The #MeToo moment is at risk of turning into a "sex panic"

An interesting think piece shows up at the NY Daily News this week from Christina Hoff Sommers, author of Who Stole Feminism? Referring to the ongoing #MeToo moment of women exposing sexual abusers in the workplace, Sommers lauds the social movement toward accountability but offers yet another note of caution.

There’s an important distinction being made in this essay which, if we’re not careful, could lead to what Sommers describes as a “sex panic.” Workplace sexual harassment needs to be exterminated root and branch, but we also need to be careful not to conflate actual sexual harassment (not to mention assault) from more innocent, if possibly offensive behavior. Here’s one of the key takeaways.

Why do we assume women lack the power to draw lines?

Awkward flirtation, raunchy humor, even an unwanted advance may be breaches of decorum, but they are not necessarily harassment. We must be able to make distinctions between truly unacceptable behavior and lesser annoyances…

There are more than 150 million men and women in the U.S. workforce. And despite recent scandals, most of them appear to be working together in relative harmony.

They manage to hold meetings, plan product launches, attend conferences, travel, share stories and even go to office parties where libations are served, mostly without incident. Occasionally, they even fall in love. According to a Stanford sociologist, between 16% and 19% of married people met their spouse at work.

Here’s one of the more alarming statistics to keep in mind, pointed out by the author as a sort of flashing, yellow caution light on the current, high-speed track of investigations. Sommers points out a recent Newsweek/Wall Street Journal poll which found that 48% of American women reported being sexually harassed at work. But the wording of the survey was extremely broad in how they defined harassment. They asked if respondents had experienced “unwelcome sexual advances” at any point in their entire working careers.

Sommers points to a different survey which asked the more specific question, “In the last 12 months, were you sexually harassed by anyone while you were on the job?” The tally of women responding yes to that question was 3.6%, and that was actually down significantly from the same survey question roughly a decade earlier. Obviously, terminology is important here. This doesn’t mean we suddenly turn a blind eye, and 3.6% of the female workforce is still a huge number of women. But we can’t lump every instance of somebody asking a co-worker out on a date with people like Weinstein.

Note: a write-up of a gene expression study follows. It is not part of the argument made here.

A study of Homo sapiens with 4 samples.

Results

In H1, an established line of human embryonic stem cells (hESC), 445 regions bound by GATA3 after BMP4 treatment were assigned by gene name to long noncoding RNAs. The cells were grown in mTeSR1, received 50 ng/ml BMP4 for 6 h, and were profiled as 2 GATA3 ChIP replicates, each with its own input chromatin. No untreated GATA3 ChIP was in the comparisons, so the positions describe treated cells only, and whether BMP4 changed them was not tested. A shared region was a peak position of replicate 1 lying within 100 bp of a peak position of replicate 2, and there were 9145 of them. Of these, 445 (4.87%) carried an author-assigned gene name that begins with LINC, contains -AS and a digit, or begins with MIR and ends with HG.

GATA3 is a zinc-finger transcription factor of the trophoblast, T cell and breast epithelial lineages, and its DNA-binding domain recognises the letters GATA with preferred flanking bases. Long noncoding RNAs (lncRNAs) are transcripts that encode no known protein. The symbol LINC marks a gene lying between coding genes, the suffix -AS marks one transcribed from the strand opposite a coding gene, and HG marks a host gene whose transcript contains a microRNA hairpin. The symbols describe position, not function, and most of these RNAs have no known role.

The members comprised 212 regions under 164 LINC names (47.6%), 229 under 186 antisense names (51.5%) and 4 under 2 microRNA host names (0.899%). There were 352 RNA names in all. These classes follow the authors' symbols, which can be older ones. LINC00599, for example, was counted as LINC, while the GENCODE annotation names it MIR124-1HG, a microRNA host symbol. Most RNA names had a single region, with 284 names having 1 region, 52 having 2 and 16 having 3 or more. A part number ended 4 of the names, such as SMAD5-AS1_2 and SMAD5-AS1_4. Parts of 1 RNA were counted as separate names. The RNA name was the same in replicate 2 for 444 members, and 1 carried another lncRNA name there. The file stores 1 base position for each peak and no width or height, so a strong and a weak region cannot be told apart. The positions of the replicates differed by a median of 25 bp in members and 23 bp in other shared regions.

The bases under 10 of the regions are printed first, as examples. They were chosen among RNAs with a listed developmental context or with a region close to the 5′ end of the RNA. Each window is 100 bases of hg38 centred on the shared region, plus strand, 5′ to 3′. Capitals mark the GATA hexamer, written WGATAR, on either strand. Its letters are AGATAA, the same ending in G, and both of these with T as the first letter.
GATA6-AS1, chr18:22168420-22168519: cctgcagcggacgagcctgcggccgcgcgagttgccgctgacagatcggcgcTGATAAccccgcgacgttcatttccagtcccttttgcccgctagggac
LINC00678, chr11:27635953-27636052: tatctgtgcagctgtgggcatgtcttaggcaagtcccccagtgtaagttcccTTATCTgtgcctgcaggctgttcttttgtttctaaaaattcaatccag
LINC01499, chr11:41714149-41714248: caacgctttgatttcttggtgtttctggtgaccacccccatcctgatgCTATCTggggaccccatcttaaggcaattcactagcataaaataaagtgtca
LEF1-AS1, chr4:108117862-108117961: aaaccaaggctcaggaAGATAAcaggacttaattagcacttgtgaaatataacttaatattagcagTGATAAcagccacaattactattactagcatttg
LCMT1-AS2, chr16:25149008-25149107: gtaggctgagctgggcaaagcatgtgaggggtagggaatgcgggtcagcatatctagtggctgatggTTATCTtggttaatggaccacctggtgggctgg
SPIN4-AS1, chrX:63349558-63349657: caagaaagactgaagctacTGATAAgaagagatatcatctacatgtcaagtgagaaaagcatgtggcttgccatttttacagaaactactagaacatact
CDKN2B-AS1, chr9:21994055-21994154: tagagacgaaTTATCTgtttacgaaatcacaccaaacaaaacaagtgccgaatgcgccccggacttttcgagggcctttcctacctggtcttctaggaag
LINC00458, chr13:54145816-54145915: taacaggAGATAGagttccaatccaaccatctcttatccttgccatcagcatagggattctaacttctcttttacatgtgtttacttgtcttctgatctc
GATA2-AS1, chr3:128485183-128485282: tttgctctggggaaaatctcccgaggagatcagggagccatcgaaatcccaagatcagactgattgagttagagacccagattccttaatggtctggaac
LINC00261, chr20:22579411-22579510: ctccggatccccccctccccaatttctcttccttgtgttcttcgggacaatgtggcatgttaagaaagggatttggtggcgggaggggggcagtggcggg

The last point from the article I wanted to touch on is one which has me wondering whether this abuse is as ubiquitous across all industries as I’d previously imagined. Is there something specific to Hollywood, the media and government work which makes sexual harassment or assault more common and less likely to be reported? Sommers offers this observation:

Before we consider all men guilty of harassment or abuse until proven innocent, a reality check is in order. Most of the sensational harassment cases in the media involved high-profile men working in unusual environments with little or no accountability. That suggests they are atypical.

In an office or company where the boss and personnel director insist on civility and respect, where there is a clear policy against harassment, and where there is system for reporting bad behavior, serious problems are far less likely to arise.

Is this likely to be true? Up until now I’ve been assuming that pretty much any workplace where men (well… almost always men) are in power over (almost always) women reporting to them, that leverage which Weinstein’s victims mention would be in play. But it could be a matter of degree I suppose. Hollywood is the land of a million broken dreams with huge numbers of women competing for a tiny number of possible jobs in that glamorous industry, promising fame and wealth to those few who manage to hit it big. You can see how a fear of losing out on that chance would breed silence and how a predator like Weinstein could thrive.

But if a woman in your hometown has a job stocking shelves or checking out sales at Walmart, they have a lot less to lose if the night shift manager starts grabbing their butt. There’s probably less fear of blowing the whistle when Target, Sears and a dozen other stores at the mall are all hiring for similar positions. I suppose it’s fair to posit that the danger of such situations rises from there as we talk about other professions which pay more and have fewer job openings. That doesn’t mean that it can’t happen everywhere, but I think Sommers is making a valid point about the need to avoid overly generalizing.

None of this means that the current investigations don’t need to continue. It’s an ugly facet of American society which has been uncovered and needs to be cleansed in sunlight. But Sommers offers some guidelines to keep in mind as we move forward if nothing else.